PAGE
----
A guide to Saint Gwyddelan’s Church, Dolwyddelan

Gwyddelan (the little Irishman) from whom the village of Dolwyddelan has its name, was one of the Celtic missionaries from Ireland who helped to restore Christianity in Britain after the lapse into barbarism which followed the departure of Roman power in AD 410. He arrived about the year AD 600, and according to legend set up his preaching cross near the hill, Bryn-y-Bedd, some 300 yards from the present church. The name of a house nearby, Bod-y-Groes, preserves the memory.

This was followed by a small building, probably of wood, which was replaced in the early 12th century by one of stone, on Bryn-y-Bedd. About the year AD 1500, this was demolished by Meredith Wynne, and rebuilt on the present site as the present church, incorporating some of the materials and fittings. Meredith had lived in the castle for some years before building himself a house at Penamnen, and then he rebuilt the church in its more open position, to circumvent attacks by robbers who lived ‘in sanctuary’ at the Knights of Saint John’s Hospice, Ysbyty Ifan. The ruins of Meredith?s house and courtyard may still be seen on the right-hand side of the road up Cwm Penamnen.

The church he built consisted of a nave and chancel, the south chapel being added later in the 16th century by Robert Wynne. A lychgate on the south side was built in 1736; the date stone is in the wall near the present gate on the north side, which replaced it in modern times.

The building was roofed with carreg mwsog (stone slates embedded in moss, more moss being pushed in as necessary from time to time). The timbers are all held in place by wooden pegs; when the roof was overhauled in recent times the only timber replacement needed was one truss!

About 1850, the porch was added, gable crosses, and a new bellcote, a west window in the nave, and replacement of the old south doorway by a window. Note the old door, complete with sanctuary knocker.

The south chapel is entered from the chancel through an arcade of two bays, with the central pier carved from a single block of local stone, and is lighted by an east and south window. The Rood-screen probably came from the old church. Bent-feather ornament over the central opening, of later date, should be noted. In the north bay are slots for bars of lattice-work for a confessional. The top beam formerly carried a loft. The balustrade on top is early 18th century, matching the pews, and came from a music gallery over the west end of the nave. It carries a row of candle sconces, for use at the Christmas services which were the only ones held after dark. The screen, originally farther east, was moved when the south chapel was built. The font is an old one, on a modern base.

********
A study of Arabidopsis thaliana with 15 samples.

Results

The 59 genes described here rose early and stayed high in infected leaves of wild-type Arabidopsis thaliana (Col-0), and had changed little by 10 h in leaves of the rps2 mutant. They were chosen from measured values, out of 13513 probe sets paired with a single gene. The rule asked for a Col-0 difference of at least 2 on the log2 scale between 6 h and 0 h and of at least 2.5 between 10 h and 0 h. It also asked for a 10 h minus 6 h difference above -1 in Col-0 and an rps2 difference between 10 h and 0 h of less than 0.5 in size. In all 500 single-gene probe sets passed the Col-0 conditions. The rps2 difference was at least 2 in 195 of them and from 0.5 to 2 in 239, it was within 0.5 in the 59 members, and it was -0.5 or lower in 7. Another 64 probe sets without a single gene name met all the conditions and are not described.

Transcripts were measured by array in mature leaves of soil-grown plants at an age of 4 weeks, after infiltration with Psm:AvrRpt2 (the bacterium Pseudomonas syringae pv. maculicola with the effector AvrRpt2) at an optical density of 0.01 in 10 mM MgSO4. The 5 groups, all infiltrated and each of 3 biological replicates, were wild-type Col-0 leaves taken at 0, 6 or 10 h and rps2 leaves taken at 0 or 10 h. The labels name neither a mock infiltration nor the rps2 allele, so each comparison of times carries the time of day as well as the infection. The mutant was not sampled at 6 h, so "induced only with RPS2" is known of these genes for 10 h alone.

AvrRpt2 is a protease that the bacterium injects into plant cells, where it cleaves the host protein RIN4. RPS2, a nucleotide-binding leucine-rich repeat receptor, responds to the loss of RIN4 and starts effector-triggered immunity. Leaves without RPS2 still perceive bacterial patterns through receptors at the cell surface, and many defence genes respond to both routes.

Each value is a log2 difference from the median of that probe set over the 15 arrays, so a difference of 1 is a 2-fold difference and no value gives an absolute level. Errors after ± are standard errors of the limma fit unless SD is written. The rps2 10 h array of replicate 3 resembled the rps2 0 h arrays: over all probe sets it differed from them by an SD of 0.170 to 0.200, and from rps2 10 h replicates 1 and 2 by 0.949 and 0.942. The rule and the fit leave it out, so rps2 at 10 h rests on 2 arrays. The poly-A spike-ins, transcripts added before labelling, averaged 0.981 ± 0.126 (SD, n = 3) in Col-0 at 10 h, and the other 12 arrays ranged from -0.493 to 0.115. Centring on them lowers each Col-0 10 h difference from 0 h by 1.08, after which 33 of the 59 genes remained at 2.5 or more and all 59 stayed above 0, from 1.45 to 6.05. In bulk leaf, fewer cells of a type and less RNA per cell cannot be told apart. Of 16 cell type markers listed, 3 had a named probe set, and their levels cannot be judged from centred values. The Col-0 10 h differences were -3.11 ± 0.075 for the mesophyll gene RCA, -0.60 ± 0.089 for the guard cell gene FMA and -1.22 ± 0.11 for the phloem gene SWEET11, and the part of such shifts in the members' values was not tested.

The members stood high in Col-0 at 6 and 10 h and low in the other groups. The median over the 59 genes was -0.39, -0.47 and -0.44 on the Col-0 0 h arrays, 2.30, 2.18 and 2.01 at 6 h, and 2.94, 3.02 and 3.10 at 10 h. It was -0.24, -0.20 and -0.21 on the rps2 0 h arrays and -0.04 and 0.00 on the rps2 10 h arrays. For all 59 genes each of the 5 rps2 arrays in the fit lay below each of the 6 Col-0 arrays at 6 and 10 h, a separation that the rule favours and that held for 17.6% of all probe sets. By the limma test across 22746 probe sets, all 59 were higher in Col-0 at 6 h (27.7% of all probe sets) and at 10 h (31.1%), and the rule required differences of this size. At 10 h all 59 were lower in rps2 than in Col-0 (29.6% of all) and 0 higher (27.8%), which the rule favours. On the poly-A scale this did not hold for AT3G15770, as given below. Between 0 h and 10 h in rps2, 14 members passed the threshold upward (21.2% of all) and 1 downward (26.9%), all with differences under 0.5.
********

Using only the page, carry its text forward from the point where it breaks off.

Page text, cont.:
The large memorial to Meredith, his son John and grandson Maurice, buried in the church, was erected in the 17th century, and painted and restored about 1920.

Three brasses, now in a glass case, commemorate Meredith and his wife Alice. They depict a kneeling figure in armour, a shield with Coat of Arms, and an inscription in Latin; ‘Orate pro alabs Meredith ap Ivan ap Robt armigi’t Alicie uxore qui obierunt xviii die Marcid ano dni mvxxv quoru animabus propicietur deus amen’.

The unusual pews, pulpit, reading desk and communion rails date from 1711 onwards. The old box pews once in the nave are now gone. On one front pew is carved ‘Maingc i’r dyla i clyw’ (a bench for the hard of hearing). A small tray attached to the altar rails was for offerings (offram) to clergyman and parish clerk at funerals. The fragments of old glass in the east window date from 1512. There is a small St Christopher in the north window.

Over the chancel there is an interesting barrel vault. The north side rests on a very ancient beam with a carving of the ‘Dolwyddelan Dragon’ on it. It came from a church lower down the Lledr Valley which was demolished at the time this one was built. The local legend is that this monster came up the river from the sea; as it caused floods it was transported to a lake in the mountains.

The old Celtic bell, Cloch Gwyddelan, (hanging in the nave) may date back to the 7th century. It was dug up in 1850 on the site of the old church, and it is thought to be the handbell which Gwyddelan brought with him from Ireland. It appears to be of cast bronze. In the bellcote is another old bell, inscribed ‘S Richard Wyn 1639’.

The Poor Box, on the west side of the entrance to the chancel, consists of part of a heavy beam with a small cupboard carved out in it, containing three little drawers, one above another behind a metal door with three locks.

Two ancient yew trees flank the old entrance on the south side of the church. Some experts consider that the one nearest to the side chapel may be as much as three thousand years old!

In 1984, the bellcote was damaged by an earthquake, and was rebuilt and the bell re-hung. At the same time other repairs were carried out, new heating and lighting installed, also a memorial window in the side chapel, and the vestry was constructed at the west end of the nave.

In 2006 the lychgate collapsed after a council refuse lorry reversed into it – this was rebuilt using new oak to replace the damaged timbers. This photo (copyright www.walesdirectory.co.uk) shows the unfortunate aftermath!

St Gwyddelan’s Church is used regularly for services, Welsh, English and bi-lingual. St Gwyddelan himself is remembered on 22nd August, the festival of the saint, Gwyimabsant.